中国日报网 2013-02-08 08:51




Peace of mind
Longquan Monastery is an oasis of peace, beauty and tranquility. Provided to China Daily

Beijing is a city of hidden treasures. There's a lot more to it than the Forbidden City and the Silk Market but sometimes you have to make an effort to scratch beneath the surface or be lucky enough to stumble onto something of great value.

Pardon me for mixing religious metaphors, but I had an epiphany recently when I visited the ancient Longquan Monastery in the wilds of Haidian district, abutting the Phoenix Ridge, beyond the northwest Sixth Ring Road.

With historic remnants of more than a millennium, Longquan is definitely worth a visit, especially for the upcoming Spring Festival.

Many of the monks there attended the best universities in China but gave up distinguished careers to devote themselves to a pure life. There is also an abbot who uses the Internet and social media to spread Buddhism's venerable eternal values in a multitude of languages.

Beijing is blessed to be surrounded by rugged mountains, although we can only see them from afar a handful of days each year. From central Beijing and with no traffic, Longquan is only an hour away, but it is worlds away in terms of peace, beauty and tranquility.

Entering the grounds, one encounters the 1,000-year-old Golden Dragon bridge, which has stood there since AD 951. It was built by Longquan's first abbot, Venerable Master Jisheng, who spent three years collecting alms from believers to realize its construction.

The bridge is one of the largest and oldest single-arch stone bridges in Beijing. According to legend, a golden snake lives in the stream beneath it.

Nearby, there is a giant gingko tree, also dating back to the Liao Dynasty (916-1125).

Local lore has it that a white-bearded old man seen frequently wandering there was the god of this tree. A short, easy climb up the mountain are the haunting remains of an equally venerable nunnery. Women associated with the imperial court were sent here in service to Buddhism.

Although both moving and interesting, a place like Longquan is not about its physical attributes but about its beliefs and activities.

These are embodied by the monks and others who live a strict monastic life there, and their spiritual leader who guides them.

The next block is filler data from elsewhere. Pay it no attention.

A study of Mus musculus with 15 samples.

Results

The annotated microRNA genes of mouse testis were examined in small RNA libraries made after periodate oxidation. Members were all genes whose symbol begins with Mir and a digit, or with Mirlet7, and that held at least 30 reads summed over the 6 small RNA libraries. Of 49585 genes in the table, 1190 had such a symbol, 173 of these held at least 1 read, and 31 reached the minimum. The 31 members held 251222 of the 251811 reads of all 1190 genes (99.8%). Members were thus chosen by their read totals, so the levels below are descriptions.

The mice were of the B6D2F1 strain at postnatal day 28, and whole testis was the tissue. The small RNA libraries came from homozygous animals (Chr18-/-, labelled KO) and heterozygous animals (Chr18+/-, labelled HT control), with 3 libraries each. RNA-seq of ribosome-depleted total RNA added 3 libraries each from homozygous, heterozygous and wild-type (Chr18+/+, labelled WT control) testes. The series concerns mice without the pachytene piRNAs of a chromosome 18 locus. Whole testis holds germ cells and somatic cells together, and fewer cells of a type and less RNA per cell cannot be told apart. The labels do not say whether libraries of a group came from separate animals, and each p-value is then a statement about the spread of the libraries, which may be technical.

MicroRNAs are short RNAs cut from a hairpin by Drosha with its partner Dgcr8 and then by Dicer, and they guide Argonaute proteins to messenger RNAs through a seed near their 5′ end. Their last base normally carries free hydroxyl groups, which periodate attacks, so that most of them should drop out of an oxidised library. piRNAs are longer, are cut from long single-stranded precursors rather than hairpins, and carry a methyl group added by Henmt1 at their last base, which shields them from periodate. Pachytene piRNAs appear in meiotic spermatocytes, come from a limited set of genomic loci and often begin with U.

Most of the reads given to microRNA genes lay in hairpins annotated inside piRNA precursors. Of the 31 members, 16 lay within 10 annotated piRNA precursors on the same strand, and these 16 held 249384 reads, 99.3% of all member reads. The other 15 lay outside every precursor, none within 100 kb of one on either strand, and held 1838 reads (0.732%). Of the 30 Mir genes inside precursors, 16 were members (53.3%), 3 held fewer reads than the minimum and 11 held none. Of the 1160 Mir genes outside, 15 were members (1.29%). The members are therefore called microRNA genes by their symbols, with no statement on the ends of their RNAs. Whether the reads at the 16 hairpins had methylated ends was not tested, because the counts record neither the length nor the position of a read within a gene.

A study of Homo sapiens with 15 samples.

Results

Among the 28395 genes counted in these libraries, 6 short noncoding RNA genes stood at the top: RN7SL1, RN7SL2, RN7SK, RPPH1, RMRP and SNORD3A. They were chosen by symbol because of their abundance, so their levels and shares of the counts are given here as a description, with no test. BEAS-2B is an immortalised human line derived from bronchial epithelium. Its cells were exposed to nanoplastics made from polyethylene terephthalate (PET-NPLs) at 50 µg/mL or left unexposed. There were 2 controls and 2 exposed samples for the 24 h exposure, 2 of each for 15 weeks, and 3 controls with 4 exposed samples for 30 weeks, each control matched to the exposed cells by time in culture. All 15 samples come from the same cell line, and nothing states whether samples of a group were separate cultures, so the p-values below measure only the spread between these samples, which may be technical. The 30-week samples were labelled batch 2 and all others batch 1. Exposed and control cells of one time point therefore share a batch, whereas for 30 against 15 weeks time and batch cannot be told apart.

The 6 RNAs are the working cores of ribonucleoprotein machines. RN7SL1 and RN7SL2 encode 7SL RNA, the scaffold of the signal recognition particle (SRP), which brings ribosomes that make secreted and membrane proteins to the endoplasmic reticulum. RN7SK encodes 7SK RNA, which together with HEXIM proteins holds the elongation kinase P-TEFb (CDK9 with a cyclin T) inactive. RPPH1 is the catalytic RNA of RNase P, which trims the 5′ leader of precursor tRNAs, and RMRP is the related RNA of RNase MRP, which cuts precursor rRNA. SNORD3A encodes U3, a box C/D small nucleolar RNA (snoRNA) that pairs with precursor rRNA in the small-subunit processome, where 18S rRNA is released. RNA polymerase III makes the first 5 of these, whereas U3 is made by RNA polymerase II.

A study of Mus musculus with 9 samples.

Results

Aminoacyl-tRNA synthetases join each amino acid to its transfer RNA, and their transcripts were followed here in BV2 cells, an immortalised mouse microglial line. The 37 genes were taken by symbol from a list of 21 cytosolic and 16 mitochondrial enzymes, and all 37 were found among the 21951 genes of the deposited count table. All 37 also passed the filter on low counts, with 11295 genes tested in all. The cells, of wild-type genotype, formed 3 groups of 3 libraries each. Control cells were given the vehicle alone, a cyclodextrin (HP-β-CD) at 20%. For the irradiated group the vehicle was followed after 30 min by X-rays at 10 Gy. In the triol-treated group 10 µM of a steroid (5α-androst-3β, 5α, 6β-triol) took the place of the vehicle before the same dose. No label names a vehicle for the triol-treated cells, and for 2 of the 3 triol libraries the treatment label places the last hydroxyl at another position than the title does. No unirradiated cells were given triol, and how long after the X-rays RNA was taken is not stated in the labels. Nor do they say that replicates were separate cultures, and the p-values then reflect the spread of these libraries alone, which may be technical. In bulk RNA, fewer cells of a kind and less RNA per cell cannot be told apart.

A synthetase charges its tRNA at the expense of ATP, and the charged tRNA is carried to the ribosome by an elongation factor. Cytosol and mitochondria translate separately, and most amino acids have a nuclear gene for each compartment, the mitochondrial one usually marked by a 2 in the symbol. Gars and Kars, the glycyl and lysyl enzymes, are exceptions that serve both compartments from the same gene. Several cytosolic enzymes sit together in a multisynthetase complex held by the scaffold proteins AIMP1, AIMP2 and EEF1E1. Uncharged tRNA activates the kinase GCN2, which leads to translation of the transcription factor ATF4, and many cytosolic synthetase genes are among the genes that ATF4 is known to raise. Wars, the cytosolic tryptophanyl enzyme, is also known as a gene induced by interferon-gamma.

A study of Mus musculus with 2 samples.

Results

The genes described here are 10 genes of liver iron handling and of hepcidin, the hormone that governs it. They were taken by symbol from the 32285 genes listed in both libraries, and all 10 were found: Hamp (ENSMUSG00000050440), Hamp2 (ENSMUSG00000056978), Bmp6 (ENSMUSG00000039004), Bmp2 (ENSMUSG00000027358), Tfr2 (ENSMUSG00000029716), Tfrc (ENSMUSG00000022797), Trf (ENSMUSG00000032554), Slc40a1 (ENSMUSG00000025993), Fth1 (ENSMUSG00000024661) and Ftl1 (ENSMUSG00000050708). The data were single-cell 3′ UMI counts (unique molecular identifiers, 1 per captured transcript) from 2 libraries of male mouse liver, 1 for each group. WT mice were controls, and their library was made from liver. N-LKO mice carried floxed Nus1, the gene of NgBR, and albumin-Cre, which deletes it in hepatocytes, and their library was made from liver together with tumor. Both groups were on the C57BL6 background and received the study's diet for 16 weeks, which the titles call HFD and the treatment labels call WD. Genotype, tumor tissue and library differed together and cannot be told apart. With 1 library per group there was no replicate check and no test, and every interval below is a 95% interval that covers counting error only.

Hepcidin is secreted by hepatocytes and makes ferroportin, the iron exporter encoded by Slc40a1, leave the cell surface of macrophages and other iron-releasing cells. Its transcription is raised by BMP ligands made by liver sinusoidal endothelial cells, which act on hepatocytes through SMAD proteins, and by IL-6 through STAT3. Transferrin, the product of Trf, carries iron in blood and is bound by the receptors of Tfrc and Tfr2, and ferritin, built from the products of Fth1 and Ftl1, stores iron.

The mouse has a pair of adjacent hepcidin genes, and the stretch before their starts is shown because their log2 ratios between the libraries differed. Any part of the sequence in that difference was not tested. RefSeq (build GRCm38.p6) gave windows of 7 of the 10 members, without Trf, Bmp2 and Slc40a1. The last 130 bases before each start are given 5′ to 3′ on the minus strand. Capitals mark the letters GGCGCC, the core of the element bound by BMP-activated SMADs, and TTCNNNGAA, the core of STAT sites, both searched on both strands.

Master Xianyu won the Gold Medal of the International Mathematics Olympiad while still a high school student. He became a monk after graduating from Peking University.

So as not to be disturbed in the cause of advancing his mind, he chose a monastic life to benefit others.

Another of his colleagues with a PhD from Tsinghua University, Master Xianqi says he joined Longquan to "do the most needed work of our time, that is, to practice and promote Buddhist culture"

The abbot of Longquan is the internationally recognized Venerable Master Xuecheng, who holds many leadership positions at home and abroad.

He also serves as the abbot of the monasteries in Guanghua in Fujian province and Famen in Shaanxi province.

While the Buddhism practiced by Master Xuecheng and his disciples is more than two millennia old, I was astonished to see banks of state-of-the-art computers, a media studio and a modern library at Longquan.

Those who practice this ancient religion at Longquan have embraced the Internet, including multilingual modern social media and websites.

This is in keeping with the abbot's vision for Longquan to be a contemporary Dharma-proclaiming monastery promoting "the possible combination of Buddhist tradition and modern civilization".

The monastery is open to the public without charge. On weekends, there are Dharma study classes of the principle of cosmic order in several languages and on some weekends, celebrated scholars and scientists are invited to give lectures.

For the upcoming Lunar New Year, a 10-day multilingual Dharma Assembly will be held with chanting in Chinese and English, as well as several other tongues.

Attendance, meals (with much of the food grown organically on-site) and lodging, are free of charge.

On Lunar New Year's eve, Feb 9, Longquan will have a party with original performances given by volunteers. On the 15th day of the first lunar month, Feb 24, the Lantern Festival, Longquan will be lit up with lanterns of various designs and many events have been planned.

The author, Harvey Dzodin, is a senior adviser to Tsinghua University and former director and vice-president of ABC Television in New York.